British researchers from the University of Bradford have developed what can potentially become a universal blood test for cancer.

The Lymphocyte Genome Sensitivity (LGS) test looks at white blood cells and measures the damage caused to their DNA.

The test will enable doctors to confirm or rule out cancer in patients who are presenting symptoms, and even those with no symptoms at all. The test proved successful, as the team tested it on 200 volunteers. Lymphocyte responses from 208 individuals were examined: 20 with melanoma, 34 with colon cancer, and 4 with lung cancer (58), 18 with suspected melanoma, 28 with polyposis, and 10 with COPD (56). 94 volunteers were healthy. However, it’s important to note that only three kinds of cancer were represented, so the test is still a while away from truly becoming ‘universal’ – but the signs are good.


The Lymphocyte Genome Sensitivity (LGS) test (as it’s officially called) examines white blood cells and measures the damage caused to their DNA when subjected to different intensities of ultraviolet light (UVA), which is known to damage DNA. This allows researchers to identify patients whio have even pre-cancerous developments.

“White blood cells are part of the body’s natural defence system”, says Professor Diana Anderson who led the study. “We know that they are under stress when they are fighting cancer or other diseases, so I wondered whether anything measureable could be seen if we put them under further stress with UVA light.We found that people with cancer have DNA which is more easily damaged by ultraviolet light than other people, so the test shows the sensitivity to damage of all the DNA — the genome — in a cell.”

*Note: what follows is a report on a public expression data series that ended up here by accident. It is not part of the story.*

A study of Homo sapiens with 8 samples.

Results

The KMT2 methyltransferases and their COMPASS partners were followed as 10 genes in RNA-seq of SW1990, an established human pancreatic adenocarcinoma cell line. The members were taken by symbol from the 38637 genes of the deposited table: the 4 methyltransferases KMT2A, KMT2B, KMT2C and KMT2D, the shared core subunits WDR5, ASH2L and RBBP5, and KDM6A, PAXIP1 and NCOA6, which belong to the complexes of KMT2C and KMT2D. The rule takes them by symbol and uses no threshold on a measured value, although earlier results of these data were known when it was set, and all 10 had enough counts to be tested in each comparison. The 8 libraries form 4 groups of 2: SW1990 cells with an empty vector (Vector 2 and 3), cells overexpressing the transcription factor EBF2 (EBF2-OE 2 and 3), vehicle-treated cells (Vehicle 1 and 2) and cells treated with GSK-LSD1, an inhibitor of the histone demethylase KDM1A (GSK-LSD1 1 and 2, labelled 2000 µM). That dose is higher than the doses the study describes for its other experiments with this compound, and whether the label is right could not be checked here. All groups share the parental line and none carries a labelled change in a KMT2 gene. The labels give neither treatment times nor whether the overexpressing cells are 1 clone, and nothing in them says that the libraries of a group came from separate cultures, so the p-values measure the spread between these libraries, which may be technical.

In theory, this should work for most (if not all) types of cancer – but cancer has surprised researchers before. These are just the initial results, but again – very promising results.

“Whilst the numbers of people we tested are, in epidemiological terms, quite small, in molecular epidemiological terms, the results are powerful. We’ve identified significant differences between the healthy volunteers, suspected cancer patients and confirmed cancer patients of mixed ages at a statistically significant level of P<0.001. This means that the possibility of these results happening by chance is 1 in 1000. We believe that this confirms the test’s potential as a diagnostic tool.”